The relevance of follow-up singles as instruments that sustain the momentum for an album is becoming questionable at best these days. Digital music stores (iTunes etc) and on-demand streaming services such as Spotify give music listeners instant access to an album soon after its release. Hence, the element of surprise and excitement that is associated with an album’s lead single does not translate well to the follow-up singles. This is a shame – especially if the follow-up singles are better than the lead single. This is most definitely applicable in the case of the new Robbie Williams single “Be A Boy“.
In recent years, Robbie Williams has managed to polarize his fanbase by moving away from an indie-rock musical template to a lush electronic pop format. On “Rudebox“, he faltered a little with this approach but on “Reality Killed The Video Star”, he absolutely nailed it. While some (me included) consider “Reality Killed The Video Star” to be his career masterpiece, many fans claimed that they longed for the “old Robbie”. It looks like their complaints were heard by the man himself. His new album “Take The Crown” is an unapologetic return to the sound that dominated albums such as “Intensive Care“, and “Escapology“. This could be disappointing for those that liked the direction Robbie Williams had pursued in his last two albums. Fortunately, Williams has left a little in the album for this breed of fans.
“Be A Boy”, the first track on “Take The Crown“, could have fit seamlessly into the musical template of “Reality Killed The Video Star“. It is a mid-tempo electronic pop track with a “sing out loud” chorus. It opens with a saxophone section (very reminiscent of the saxophone section in the Middle 8 of INXS’ 1993 hit “Beautiful Girl“) layered over an electronic beat. This is quickly followed by the “Oh Oh Oh” vocal section that has this ability to give an additional dose of life to a song. The tune in the verses is somewhat lackluster but just as the post-intro excitement of the song is about to dissipate, Robbie Williams breaks into his addictive pre-chorus.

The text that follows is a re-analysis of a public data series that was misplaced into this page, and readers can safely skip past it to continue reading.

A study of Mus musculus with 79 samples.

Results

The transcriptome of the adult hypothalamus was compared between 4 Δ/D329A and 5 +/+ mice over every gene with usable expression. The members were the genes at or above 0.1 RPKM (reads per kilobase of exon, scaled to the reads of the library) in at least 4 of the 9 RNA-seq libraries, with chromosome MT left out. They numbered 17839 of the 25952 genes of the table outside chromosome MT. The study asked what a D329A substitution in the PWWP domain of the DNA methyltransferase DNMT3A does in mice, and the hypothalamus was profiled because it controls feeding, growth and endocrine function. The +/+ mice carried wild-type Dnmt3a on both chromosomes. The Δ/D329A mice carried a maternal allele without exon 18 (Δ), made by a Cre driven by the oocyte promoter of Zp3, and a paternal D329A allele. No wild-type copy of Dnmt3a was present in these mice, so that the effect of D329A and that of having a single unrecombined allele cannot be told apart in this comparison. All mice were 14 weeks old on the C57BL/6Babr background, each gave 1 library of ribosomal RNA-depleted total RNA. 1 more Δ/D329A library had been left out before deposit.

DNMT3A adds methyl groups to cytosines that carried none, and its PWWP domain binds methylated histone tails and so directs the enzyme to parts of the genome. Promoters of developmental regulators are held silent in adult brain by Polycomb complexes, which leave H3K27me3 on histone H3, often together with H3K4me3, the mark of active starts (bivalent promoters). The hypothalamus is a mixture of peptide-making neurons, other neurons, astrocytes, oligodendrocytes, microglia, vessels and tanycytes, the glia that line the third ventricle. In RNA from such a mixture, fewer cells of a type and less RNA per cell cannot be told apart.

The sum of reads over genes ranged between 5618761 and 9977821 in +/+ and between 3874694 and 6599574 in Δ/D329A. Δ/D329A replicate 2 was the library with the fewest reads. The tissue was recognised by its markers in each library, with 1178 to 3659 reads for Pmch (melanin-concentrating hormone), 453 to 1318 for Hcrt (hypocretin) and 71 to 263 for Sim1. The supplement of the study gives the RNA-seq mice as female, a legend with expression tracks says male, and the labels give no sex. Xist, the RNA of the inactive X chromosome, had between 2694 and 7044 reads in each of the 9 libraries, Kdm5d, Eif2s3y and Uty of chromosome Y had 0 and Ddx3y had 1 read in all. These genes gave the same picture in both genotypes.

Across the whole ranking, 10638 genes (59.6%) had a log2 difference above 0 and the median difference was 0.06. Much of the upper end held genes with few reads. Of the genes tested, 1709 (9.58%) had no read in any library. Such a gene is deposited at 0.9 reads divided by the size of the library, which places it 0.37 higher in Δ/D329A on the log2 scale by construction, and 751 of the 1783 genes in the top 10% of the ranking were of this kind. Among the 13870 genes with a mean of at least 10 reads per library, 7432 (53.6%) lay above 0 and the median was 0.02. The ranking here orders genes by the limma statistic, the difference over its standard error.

“They said it was leaving me
The magic was leaving me
I don’t think so
I don’t think so”
It is safe to say that the pre-chorus stands a greater chance of lingering in the heads of listeners than the actual chorus does. The quirkiness of Williams’ personality shines through the lyrics of the song (e.g. “There’s safety in the jungle If you treat it like a toy”). In a nutshell, “Be A Boy” is everything a Robbie Williams fan would expect. It is by no means flawless but it comes pretty close. We would have been a little more flattering with the review if only Williams had not set the standards as high as he did with his 2009 album “Reality Killed The Video Star“. We most certainly have not heard the last of Robbie Williams! Here is a full-length video clip of “Be A Boy” by Robbie Williams:
RADIO ALERT: We might be one of the few American radio stations that plays Robbie Williams’ music regularly. We are definitely the ONLY radio station in the world that plays his rare gems (b-sides, covers, album tracks). Currently, “Be A Boy” by Robbie Williams is getting 5 plays a day on our radio station. Listen to our station from ANY part of the world via the button below.